Nissan North America says it has dramatically reduced the number of computer servers necessary for its manufacturing operations from 159 to just 28 at its Smyrna and Decherd, Tenn., plants.

The firm claims the consolidation in its IT department has increased NNA’s production efficiency and has cut energy usage by 34 percent ultimately helping to create a “greener” Nissan.

“Over the past two to three years, our server population had exploded to almost 160 and was continuing to grow,” said Phil D’Antonio, manager of Conveyors and Controls Engineering, NNA.
 “It was extremely difficult to manage and consumed numerous labour hours that could be used on other initiatives that add value to our operation.”

Nissan conducted a thorough inventory of its servers and defined a refresh strategy for its system infrastructure.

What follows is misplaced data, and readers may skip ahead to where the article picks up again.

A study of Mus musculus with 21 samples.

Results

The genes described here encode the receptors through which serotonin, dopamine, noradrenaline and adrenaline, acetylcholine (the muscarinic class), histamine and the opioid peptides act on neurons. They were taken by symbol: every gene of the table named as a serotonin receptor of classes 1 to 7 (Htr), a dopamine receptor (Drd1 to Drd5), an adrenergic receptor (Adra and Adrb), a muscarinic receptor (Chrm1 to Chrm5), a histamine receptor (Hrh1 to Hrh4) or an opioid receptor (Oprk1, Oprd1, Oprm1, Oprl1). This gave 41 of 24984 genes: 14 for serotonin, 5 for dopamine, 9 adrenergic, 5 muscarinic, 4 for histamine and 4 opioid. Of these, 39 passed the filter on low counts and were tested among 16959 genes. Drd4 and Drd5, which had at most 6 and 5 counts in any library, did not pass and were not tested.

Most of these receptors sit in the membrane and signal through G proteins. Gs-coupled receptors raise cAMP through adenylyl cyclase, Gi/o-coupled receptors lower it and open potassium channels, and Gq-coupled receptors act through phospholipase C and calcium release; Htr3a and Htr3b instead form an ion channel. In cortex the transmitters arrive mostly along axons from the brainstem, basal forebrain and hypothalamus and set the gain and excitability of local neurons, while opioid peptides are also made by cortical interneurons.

NNA utilised Microsoft‘s Hyper-V software that allows multiple virtual machines to operate on a single physical machine. The virtualisation technology helped to create a smaller and less complex system at the Smyrna and Decherd plants in less than 12 months, Nissan says.

The smaller system improved manageability and reduced the amount of space and energy needed to operate, which also helped Nissan reduce its impact on the environment.

“The Hyper-V technology was designed to create a more efficient system and help reduce environmental impact,” said David Graff, U.S. automotive industry solutions director, Microsoft.

“That has helped Nissan achieve its main objectives.”

“We were able to reduce the growing cost associated with a sprawling system as well as cut energy usage by a third,” D’Antonio said. “As an Energy Star partner, Nissan is committed to improving the energy efficiency of our business and protecting the environment for future generations.”

Nissan’s Smyrna plant has seen its energy efficiency improve by as much as 32 percent since it began aggressively pursing environmental initiatives in 2005. These energy-savings practices are currently saving the company more than US$3.5m per year.